When he first began, filmmaker David Cronenberg was the master of strange stories and askew tales. But in recent years it feels like the elder Cronenberg has gone a tad mainstream and doesn’t possess the oddjob mojo he once used to reign over all things weird as supreme ruler. Enter Brandon Cronenberg. The son of David with an equal affinity for fantastic flesh fables, Brandon’s newest brilliant outing "Antiviral" begins the cycle of early Cronenberg anew – and thankfully the apple does not fall from the tree.
Syd March is an employee at a clinic that services celebrity obsessed fans. It’s a place that specializes in selling injections of live viruses harvested from sick and dying celebrities and gives it to the fans that crave it. Want a cold or flu? Perhaps a little cold sore or herpes action? All are available…for a price. Problem is Syd is also conducting his own business on the side and after injecting himself with the latest disease from superstar Hannah Geist finds himself in way over his head with collectors and fans alike.
There’s a lot of oddity within Antiviral but it’s 100% pure Cronenberg family flesh fun. Take the joy of "eXistenZ," the fascination with human parts as mechanics via "Videodrome", the creepy Brundlefly obsession factor from "The Fly" and inject it with new life from a Cronenberg untouched by Hollywood and you’ve got a film that is pure five-star strange. Plus the film poignantly points out our need for celebrity culture (are we really that far from the films’ supposed inane premise?!) all the while providing a healthy dose wild and wonderful. Not to mention that Cronenberg’s two leads could not be more fascinating to watch on completely different levels – Caleb Landry Jones as weasel like conman Syd who slowly deteriorates as the film goes on and Sarah Gadon who radiates in every photograph and ad as the famed Hannah Geist. (Plus there’s even a little Malcolm McDowell action in here!) And the film looks sick and slick thanks to fellow Canuck DOP Karim Hussain, who shot the legendary "Hobo With A Shotgun" and directed his own memorable segment "Vision Stains" for the film "The Theatre Bizarre" – it’s a match made in Canadian offbeat heaven.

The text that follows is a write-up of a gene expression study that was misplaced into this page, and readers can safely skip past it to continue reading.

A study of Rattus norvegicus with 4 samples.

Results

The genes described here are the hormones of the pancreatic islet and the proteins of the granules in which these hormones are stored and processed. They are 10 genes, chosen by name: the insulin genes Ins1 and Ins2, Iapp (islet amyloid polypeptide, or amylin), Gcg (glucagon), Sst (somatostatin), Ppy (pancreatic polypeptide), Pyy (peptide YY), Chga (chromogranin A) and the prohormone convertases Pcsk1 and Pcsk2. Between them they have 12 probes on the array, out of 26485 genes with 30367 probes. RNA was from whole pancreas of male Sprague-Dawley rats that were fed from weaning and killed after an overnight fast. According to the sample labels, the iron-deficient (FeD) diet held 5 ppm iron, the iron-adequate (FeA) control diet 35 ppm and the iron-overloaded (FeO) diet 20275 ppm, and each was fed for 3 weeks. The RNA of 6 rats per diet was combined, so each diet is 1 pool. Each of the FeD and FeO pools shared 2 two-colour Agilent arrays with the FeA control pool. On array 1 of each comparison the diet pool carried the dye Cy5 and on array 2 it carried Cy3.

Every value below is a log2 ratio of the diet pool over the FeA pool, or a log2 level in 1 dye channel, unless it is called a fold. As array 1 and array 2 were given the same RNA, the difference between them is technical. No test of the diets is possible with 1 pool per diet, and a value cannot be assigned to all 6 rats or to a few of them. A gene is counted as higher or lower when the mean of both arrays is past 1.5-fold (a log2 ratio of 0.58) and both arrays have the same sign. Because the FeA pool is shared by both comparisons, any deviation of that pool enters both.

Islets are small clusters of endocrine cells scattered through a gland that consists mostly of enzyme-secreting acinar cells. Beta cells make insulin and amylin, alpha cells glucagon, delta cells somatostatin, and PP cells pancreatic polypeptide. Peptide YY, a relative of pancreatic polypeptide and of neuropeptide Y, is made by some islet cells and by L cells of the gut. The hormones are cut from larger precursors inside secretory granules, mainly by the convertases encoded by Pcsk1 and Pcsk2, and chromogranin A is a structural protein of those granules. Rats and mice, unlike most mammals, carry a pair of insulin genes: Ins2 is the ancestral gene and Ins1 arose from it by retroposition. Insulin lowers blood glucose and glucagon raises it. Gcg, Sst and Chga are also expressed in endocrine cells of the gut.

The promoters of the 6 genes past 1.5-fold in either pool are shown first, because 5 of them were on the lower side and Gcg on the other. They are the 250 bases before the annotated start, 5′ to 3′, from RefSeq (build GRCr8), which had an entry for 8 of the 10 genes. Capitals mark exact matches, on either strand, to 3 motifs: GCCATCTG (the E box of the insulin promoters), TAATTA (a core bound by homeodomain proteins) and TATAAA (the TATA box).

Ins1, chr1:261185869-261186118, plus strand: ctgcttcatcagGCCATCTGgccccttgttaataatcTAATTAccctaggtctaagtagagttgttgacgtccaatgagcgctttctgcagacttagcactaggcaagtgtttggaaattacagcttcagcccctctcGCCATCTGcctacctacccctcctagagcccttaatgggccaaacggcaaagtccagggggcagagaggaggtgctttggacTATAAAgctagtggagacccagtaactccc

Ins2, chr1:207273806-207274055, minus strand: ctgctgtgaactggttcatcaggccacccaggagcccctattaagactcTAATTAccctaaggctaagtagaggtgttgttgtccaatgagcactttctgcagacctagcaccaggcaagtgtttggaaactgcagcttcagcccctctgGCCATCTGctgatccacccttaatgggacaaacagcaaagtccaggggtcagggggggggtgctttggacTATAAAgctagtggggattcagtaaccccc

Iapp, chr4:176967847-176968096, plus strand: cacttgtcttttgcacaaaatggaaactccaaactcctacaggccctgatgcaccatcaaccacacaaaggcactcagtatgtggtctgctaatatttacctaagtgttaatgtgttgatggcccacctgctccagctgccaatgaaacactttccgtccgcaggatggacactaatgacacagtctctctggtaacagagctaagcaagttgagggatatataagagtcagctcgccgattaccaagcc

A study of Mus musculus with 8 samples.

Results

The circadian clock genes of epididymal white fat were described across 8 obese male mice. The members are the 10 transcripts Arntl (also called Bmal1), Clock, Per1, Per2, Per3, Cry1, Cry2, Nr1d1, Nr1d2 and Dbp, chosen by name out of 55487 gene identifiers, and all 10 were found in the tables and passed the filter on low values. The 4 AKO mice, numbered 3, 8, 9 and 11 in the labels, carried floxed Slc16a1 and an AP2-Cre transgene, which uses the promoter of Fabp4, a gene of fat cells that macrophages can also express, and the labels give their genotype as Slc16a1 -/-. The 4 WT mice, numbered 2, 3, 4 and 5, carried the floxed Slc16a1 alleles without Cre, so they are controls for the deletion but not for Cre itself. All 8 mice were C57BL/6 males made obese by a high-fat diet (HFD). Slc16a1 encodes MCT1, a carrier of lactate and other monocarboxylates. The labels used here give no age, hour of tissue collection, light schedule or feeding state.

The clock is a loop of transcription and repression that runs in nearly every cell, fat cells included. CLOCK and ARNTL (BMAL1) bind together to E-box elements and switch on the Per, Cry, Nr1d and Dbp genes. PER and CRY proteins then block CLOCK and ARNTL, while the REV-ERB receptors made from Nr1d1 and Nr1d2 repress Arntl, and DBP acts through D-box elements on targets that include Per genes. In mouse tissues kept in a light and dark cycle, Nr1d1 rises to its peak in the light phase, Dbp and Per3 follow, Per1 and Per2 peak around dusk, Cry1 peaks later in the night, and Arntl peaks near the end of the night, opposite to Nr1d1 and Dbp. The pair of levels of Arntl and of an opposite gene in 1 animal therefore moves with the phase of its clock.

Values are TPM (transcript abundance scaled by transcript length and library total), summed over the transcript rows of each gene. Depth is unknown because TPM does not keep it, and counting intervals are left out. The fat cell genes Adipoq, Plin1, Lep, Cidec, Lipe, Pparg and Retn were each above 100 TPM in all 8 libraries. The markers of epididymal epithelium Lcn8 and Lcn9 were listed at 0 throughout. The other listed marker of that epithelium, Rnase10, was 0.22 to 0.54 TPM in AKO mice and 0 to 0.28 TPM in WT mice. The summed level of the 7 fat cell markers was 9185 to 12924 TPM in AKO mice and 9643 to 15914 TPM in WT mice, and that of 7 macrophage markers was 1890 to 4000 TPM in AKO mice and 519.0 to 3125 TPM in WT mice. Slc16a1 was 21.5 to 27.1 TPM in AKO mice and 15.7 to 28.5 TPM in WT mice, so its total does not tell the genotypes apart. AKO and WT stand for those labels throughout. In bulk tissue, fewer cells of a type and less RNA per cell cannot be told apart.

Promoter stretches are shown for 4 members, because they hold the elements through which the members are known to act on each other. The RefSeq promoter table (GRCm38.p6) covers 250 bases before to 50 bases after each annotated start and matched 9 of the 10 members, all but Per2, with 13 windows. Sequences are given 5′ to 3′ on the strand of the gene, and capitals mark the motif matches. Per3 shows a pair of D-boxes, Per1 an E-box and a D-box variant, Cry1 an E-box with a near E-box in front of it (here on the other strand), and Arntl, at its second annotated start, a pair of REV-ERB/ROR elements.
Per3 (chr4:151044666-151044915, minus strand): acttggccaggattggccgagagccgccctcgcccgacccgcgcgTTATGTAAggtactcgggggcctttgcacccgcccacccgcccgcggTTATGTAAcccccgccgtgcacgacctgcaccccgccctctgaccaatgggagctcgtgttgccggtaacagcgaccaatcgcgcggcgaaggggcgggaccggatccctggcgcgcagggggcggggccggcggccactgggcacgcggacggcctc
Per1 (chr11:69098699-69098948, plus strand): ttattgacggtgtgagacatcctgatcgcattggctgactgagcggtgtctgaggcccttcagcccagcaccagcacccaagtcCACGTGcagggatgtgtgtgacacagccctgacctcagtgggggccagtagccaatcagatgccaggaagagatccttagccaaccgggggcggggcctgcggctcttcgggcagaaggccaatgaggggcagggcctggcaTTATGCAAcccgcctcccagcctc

Look, I know Brandon has been trying to distance himself from his father’s previous work, but I say embrace it. I never felt like the younger Cronenberg was copying his prolific papa, just carrying on a tradition of cinema beyond the norm that makes us think. In the absence of the man who made heads explode and stomachs turn into VCR’s, it’s good to see that there’s a passionate Cronenberg alive, well and still working weird.